Who could have guessed that this blog would be all about movies? Not me. I’m very curious about this.
Persepolis. A film festival film presentation. I wonder what people, who have not lived in Iran, think of this brilliant animated account of a young Iranian woman’s life. I was impacted in a huge way, having lived in Iran just prior to the revolution in the late 70’s. I was drawn right back to a time I so loved, but did not entirely understand. I spoke very little farsi, but knew enough not to speak the Shah’s name in public. (I didn’t know enough not to try to nonchalantly wander my way up a road to his palace one night. Dumb. Fortunately though I wasn’t shot. I think they recognized I was innocently stupid.)
I recall the stories I heard, after the revolution, of how my Iranian friends could no longer go to a grocery store without the risk of being killed. Being safe at home in Canada, it was a hard vision to imagine. And a part of me justified that the information I was getting might be wrong. I learned very early on about the miscommunication of media internationally. Any traveller learns this, when their families are home sick with worry because of an event in the news… an event that, in some cases may be true but appears much worse because of media, or, in many cases, is entirely inaccurate.
Off on a tangent, now of media. Long after I left Iran the news reported that an earthquake had wiped out the entire population of Bandar Pahlavi on the Caspian Sea where I had lived. I was devastated. I thought of the milk man, the bread man, the mechanics.. those gentle and kind people who welcomed this strange little Canadian girl, who never wore a shador, and didn’t know better than to smile at all the men. (Women too, of course, but it was ‘wrong’ of me to smile at men)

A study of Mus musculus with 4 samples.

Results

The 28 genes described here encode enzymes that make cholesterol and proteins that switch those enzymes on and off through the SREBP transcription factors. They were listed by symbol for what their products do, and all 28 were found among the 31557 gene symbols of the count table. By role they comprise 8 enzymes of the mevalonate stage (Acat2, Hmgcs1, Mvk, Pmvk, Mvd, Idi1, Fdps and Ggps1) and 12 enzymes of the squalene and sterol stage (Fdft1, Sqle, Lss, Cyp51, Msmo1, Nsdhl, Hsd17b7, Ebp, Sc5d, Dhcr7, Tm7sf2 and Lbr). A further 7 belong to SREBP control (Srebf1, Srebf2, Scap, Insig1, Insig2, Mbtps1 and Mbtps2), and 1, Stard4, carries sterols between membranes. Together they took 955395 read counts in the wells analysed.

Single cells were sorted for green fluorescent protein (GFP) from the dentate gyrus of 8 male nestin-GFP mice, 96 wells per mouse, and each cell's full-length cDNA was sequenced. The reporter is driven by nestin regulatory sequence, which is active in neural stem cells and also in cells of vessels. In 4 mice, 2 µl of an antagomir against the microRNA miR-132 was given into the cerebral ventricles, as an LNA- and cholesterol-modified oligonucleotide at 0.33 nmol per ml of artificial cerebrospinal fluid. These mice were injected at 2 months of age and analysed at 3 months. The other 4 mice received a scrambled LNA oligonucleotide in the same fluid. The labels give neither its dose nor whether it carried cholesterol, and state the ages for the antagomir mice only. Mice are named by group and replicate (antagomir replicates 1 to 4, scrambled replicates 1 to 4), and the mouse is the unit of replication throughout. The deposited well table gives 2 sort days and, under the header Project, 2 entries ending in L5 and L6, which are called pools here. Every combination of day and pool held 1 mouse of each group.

Much later again, an Iranian family showed up at a garage sale I had. They had recently arrived in Canada. Lo and behold, I learned my little village had never been hit by an earthquake at all. Who knows how this became the news that it did, but I have a theory: The town had been named after the Shah’s family, then changed when the Pahlavi’s were ousted. Perhaps some communication denouncing the name of the village hit the news here as an earthquake. Literally. Perhaps a translation error, or a propaganda statement about the evils of the Pahlavi’s or… who knows?
Now I could go off on a major tangent about “what we believe to be true.” … a powerful topic for a coach. But for the moment, just for a moment, think of an issue or ongoing problem or conflict… think of situation that has weighed heavily on you for some time. What if you look at the origins of this weighty event, and imagine that some part of it isn’t true….some part is only what you ‘believed’ to be true. What if you HAD to find that part. Like, ummm, if you don’t create an answer, then chocolate, all chocolate, would disappear off the face of the earth. (funny that I’d choose that… I’m allergic to chocolate. Probably me just being safe. If you don’t find an answer and all chocolate disappears, I’m okay with that. snicker) … so, what would your answer be?
Back to movie: When you thirst for knowledge and you finally know you are getting the truth, you are like a sponge wanting to absorb it all. This was me tonight at the movie. Not just a ‘good’ story.. finally an accurate one. All in an animated french film with subtitles. A touching story, a historical documentary, a cultural impression… all this in animation. Brilliant.
Now, I am honestly curious, what do the rest of you think about this movie? How did it impact you?